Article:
What is current thinking about IQ measurement? Does it make sense conceptually? In my primitive conception, each of us is the product of nature and nurture, perhaps via some complex form of mixing of the two. IQ tries to parse out the nature piece. But, of course, it does more than that. It then tries to rank the nature piece, along a single dimension. Howard Gardner's stuff allows for multi-dimensionality of the nature piece, but still seems to believe that it can be parsed from the nurture component. What if no such parsing makes sense?
The work of Anders Ericsson and his colleagues casts doubt on parsing intelligence, finding instead that seemingly very bright people had the right sort of prior deliberate practice and it is this practice, nurture if you will, that best explains their superior performance on the various intelligence tests. Nature then fits into this story in two possible ways. The first regards motivation. Not everybody will take the training required for high performance. It may be boring, or painful, or personally demeaning. Liking the training may be something that is not teachable. It may be inherent (or absent). The other way is in the productivity of the training, particularly early on. Seeing good results from the deliberate practice can create a positive feedback loop. Someone who can observe personal growth based on their own efforts is more willing to make personal growth a goal. In contrast, if at first it is tough sledding, then the lack of reward can become discouraging.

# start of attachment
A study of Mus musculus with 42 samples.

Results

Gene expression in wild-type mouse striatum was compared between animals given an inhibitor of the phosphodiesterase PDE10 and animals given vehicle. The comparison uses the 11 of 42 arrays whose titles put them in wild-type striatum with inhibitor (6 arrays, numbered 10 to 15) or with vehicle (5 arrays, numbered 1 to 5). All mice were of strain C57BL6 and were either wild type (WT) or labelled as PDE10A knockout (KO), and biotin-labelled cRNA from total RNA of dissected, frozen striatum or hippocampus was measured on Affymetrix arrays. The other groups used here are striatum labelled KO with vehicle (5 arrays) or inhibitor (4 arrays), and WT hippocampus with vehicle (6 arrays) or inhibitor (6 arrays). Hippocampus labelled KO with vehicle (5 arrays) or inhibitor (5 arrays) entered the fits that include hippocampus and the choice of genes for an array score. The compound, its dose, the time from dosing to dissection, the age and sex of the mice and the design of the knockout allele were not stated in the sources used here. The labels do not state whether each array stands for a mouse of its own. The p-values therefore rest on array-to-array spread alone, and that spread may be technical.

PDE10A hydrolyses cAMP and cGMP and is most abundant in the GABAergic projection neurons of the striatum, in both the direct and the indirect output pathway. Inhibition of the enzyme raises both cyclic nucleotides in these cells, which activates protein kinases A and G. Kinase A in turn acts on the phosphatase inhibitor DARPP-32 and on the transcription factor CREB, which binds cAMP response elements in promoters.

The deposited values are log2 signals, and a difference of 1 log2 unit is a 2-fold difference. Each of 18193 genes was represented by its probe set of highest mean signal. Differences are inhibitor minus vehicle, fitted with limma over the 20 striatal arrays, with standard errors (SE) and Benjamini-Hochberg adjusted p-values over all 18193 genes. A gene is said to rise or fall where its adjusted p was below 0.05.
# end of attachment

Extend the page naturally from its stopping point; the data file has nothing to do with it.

There are late bloomers. Understanding how they catch on would be very helpful. Reading the post at the link, one gets the impression that a genetic explanation works, at least in part. Our various expressions of intelligence are a consequence of multiple genes working in concert to produce the desired effect. Many of these genes take time to develop, in themselves and in their interactions with other genes. The timing of gene development varies from individual to individual.
But what of the other part? Suppose a person has been deliberately practicing with an approach that in fact does not promote personal growth, at least after a fashion. Then the person will have plateaued and yet been habituated to this non nurturing form of practice. I believe memorization to be in this category - it works well in elementary school and is necessary then ("i" before "e" except after "c"....). It become less and less effective thereafter, yet many students cling to it nevertheless.
It seems to me that THE QUESTION is for people who have engaged in a non nurturing form of deliberate practice for an extended period of time, what can be done to get them to embrace more nurturing forms thereafter? In one shape or another this seems to be the core issue about undergraduate education, at least at universities like Illinois. Who else is framing the issue this way?
The scary part of this is that since the students 18 or older are treated as adults, the responsibility on making this sort of change rests with primarily with themselves. Yet, in my observation, most don't see the necessity in doing so. And the "grades culture" is so intensive and provides a lot of reinforcement of the view that things are fine as long as the GPA is okay. So methods that might encourage a different form of deliberate practice either need to shock students into an awareness that things are not okay or must move entirely outside the grade culture so that sort of feedback is not part of what encourages other approaches.
The current fascination with MOOCs does neither of these things, as near as I can determine. That fascination is there because of the cost issue. I'm not saying the cost issue is unimportant. But it seems to me it is secondary and should not block efforts at finding answers to THE QUESTION. Unfortunately, that's exactly what seems to be happening.